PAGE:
LBL Wildlife Report: The Canada Goose
In the next installment, Tracy Ross and Land Between the Lakes Woodlands Nature Station lead naturalist John Pollpeter discuss the Canada goose's history in the area and other facts about this common waterfowl species.
Pollpeter says that while the Canada goose and its distinct appearance are relatively common in the United States — particularly in the Land Between the Lakes area — this wasn't always the case. "Some of the species today we may take for granted. About 100 years ago, [they were] almost extinct. If you were to write the original Endangered Species Act around 1900, white-tailed deer, turkeys, wood ducks, and Canada geese would have been on that list."
"Through conservation efforts, particularly in the 1960s, '70s, and '80s, TVA had a very big program in trying to bring back a number of different species," Pollpeter continues. "Most people are pretty familiar with Land Between the Lakes and TVA bringing back the bald eagle, osprey — but they also did river otters, wild turkey, as well as the giant Canada goose, which is a subspecies that we see here."
"The giant Canada goose almost sounds like a movie monster," Pollpeter laughs, "but it's the largest version of the Canada goose, and it's a residential one. It's the one that you're going to see year-round at Land Between the Lakes or in parks or golf courses. The ones that tend to fly are going to be some of the smaller subspecies that come from more northern areas — the little ones that you're going to see in the classic V shape as they're flying south or north."
Canada geese are "95% herbivore," Pollpeter explains. "It's a grazing waterfowl. That's why you often see it on lawns eating grass. It'll eat some pond weeds and things like that. But from time to time, they might eat some small insects or a snail, but it is not a major part of their diet." Pollpeter says this contributes to one of their most infamous traits: "They're big poopers. They often poop where humans are, and they can actually poop about a pound a day. But it's a grazing animal, like a cow, and you have to get that stuff through the system."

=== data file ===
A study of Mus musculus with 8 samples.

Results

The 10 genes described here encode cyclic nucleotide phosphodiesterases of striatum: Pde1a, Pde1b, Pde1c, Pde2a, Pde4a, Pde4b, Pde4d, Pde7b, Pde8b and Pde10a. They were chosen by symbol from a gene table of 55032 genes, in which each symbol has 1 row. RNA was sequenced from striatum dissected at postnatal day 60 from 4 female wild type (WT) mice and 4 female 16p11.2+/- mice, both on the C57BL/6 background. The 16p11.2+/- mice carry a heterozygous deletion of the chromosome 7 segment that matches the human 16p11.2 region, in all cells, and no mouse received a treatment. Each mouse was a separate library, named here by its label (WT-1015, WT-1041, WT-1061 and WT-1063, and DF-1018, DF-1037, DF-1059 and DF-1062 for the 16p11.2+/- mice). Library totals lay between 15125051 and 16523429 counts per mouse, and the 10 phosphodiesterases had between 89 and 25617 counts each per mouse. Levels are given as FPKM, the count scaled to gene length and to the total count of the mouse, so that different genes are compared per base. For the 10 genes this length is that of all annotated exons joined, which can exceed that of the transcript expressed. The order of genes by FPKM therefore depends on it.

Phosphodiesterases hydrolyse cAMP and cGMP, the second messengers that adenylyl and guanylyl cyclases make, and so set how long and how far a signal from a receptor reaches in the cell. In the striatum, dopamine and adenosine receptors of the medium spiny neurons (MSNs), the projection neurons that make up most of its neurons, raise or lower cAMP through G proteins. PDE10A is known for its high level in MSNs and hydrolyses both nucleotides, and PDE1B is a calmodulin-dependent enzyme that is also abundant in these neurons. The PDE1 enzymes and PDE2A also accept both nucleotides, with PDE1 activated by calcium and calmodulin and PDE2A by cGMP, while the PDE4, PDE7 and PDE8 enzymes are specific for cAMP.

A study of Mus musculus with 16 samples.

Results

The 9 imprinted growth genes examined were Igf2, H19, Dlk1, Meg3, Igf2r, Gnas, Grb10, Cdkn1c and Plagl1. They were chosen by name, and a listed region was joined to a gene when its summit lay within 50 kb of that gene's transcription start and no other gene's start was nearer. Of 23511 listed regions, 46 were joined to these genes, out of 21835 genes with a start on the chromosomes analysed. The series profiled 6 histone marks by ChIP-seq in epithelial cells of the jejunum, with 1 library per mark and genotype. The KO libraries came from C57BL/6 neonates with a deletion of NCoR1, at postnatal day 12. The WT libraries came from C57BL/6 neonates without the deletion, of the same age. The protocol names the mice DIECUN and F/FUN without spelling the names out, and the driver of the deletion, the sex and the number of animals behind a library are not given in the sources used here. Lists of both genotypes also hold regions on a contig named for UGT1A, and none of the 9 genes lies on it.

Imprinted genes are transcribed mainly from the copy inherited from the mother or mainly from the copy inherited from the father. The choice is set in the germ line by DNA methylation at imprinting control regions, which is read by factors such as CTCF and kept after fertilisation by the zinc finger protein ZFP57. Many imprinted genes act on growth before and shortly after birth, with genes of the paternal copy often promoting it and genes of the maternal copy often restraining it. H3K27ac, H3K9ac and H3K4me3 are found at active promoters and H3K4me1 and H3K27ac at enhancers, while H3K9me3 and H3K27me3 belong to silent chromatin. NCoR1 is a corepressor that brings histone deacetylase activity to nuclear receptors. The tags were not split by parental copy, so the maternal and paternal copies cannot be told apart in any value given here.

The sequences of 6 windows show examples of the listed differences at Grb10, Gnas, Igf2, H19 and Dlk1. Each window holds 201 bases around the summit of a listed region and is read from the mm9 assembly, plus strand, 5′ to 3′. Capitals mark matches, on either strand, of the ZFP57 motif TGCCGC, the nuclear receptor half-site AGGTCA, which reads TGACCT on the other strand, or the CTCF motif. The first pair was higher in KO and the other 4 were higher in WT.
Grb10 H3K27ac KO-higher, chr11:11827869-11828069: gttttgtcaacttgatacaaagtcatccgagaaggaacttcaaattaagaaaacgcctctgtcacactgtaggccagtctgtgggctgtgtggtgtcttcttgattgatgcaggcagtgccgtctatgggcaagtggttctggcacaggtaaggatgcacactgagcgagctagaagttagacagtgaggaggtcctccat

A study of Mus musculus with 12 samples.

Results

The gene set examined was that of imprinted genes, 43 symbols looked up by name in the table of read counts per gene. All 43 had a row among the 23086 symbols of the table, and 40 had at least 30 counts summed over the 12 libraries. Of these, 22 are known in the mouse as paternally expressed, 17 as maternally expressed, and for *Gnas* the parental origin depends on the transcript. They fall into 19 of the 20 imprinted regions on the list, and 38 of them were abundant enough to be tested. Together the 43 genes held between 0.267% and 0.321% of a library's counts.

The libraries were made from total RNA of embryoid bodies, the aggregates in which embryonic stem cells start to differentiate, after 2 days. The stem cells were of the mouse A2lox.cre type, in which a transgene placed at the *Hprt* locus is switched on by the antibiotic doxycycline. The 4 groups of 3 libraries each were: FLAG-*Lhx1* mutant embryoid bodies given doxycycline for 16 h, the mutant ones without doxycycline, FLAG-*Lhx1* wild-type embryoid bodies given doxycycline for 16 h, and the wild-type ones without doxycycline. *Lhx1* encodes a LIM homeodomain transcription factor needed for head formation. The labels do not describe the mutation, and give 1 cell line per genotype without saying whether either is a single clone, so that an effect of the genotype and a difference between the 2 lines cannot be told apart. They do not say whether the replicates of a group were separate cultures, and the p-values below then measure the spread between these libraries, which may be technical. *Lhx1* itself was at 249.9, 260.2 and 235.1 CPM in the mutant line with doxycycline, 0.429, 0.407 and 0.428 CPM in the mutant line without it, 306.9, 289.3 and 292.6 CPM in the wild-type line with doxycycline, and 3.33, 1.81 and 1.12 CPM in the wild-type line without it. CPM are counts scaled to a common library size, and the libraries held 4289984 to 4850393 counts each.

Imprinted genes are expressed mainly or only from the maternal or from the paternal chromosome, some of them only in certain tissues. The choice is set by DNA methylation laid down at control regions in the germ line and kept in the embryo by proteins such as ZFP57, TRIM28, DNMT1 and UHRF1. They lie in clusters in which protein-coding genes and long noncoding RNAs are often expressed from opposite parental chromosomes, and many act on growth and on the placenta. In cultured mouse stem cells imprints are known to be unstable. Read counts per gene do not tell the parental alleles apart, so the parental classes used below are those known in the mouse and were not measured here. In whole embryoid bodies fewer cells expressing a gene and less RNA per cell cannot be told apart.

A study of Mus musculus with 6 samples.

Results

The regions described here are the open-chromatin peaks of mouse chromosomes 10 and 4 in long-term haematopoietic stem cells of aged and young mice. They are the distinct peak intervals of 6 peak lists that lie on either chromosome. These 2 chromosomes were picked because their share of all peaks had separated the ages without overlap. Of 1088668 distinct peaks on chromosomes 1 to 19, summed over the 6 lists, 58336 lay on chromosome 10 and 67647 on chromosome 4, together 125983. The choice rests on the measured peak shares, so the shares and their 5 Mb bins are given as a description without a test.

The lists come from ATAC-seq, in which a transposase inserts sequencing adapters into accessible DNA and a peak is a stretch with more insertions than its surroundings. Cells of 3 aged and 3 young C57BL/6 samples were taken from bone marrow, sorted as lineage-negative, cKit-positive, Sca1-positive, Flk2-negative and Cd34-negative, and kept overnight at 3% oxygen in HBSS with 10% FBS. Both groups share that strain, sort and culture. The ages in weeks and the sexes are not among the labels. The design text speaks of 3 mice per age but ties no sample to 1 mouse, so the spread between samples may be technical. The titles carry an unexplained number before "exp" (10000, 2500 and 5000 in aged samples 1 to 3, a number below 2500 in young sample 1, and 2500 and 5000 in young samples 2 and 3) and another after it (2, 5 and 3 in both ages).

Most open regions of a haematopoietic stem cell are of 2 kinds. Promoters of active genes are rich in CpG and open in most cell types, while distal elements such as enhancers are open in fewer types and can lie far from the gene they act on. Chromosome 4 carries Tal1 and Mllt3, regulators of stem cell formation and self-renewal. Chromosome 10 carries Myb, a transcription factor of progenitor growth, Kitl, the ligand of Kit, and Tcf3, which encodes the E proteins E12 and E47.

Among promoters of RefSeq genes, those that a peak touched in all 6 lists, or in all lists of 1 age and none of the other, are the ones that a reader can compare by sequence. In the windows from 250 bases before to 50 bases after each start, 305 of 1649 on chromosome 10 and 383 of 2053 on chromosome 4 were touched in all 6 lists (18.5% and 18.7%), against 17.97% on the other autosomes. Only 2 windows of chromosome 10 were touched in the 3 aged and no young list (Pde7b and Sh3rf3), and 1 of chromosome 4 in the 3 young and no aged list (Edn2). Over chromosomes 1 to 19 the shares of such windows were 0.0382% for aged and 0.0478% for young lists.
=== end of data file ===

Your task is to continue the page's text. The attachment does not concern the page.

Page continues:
"Poop aside," as Ross comments, the Canada goose has plenty of admirable traits as well — including their tendency to be monogamous. "[A Canada goose] stays with its mate year after year. The female will lay the eggs, and she'll incubate them and stay low. She'll lower her neck down and keep a low profile so she doesn't attract predators."
"The male will probably be seen standing up somewhere around there defending it," Pollpeter continues. "He's pretty good at defending. He's got size, he uses vocal communications, like the hissing, he spreads out those wings. Those wings are capable of breaking a human femur. So, this bird has some backup if you decide to mess with it."
"They definitely are an animal that contributes as far as being a prey species. They're going to be selective in the types of foods that they're going to eat, so they're going to impact the environment for others. They might be able to keep down the grass so that other species would be able to flourish. They're going to eat lots of different aquatic weeds to make it easier for fisherman to cast their lures. There's always value in it when they're around. Plus, kids always get excited when they see geese," Pollpeter concludes.
Pollpeter concludes the discussion with some lesser-known goose-naming facts: a male goose is called a gander; a baby goose, a gosling; a group of geese, a gaggle, and a female goose? Well, that's just called a goose.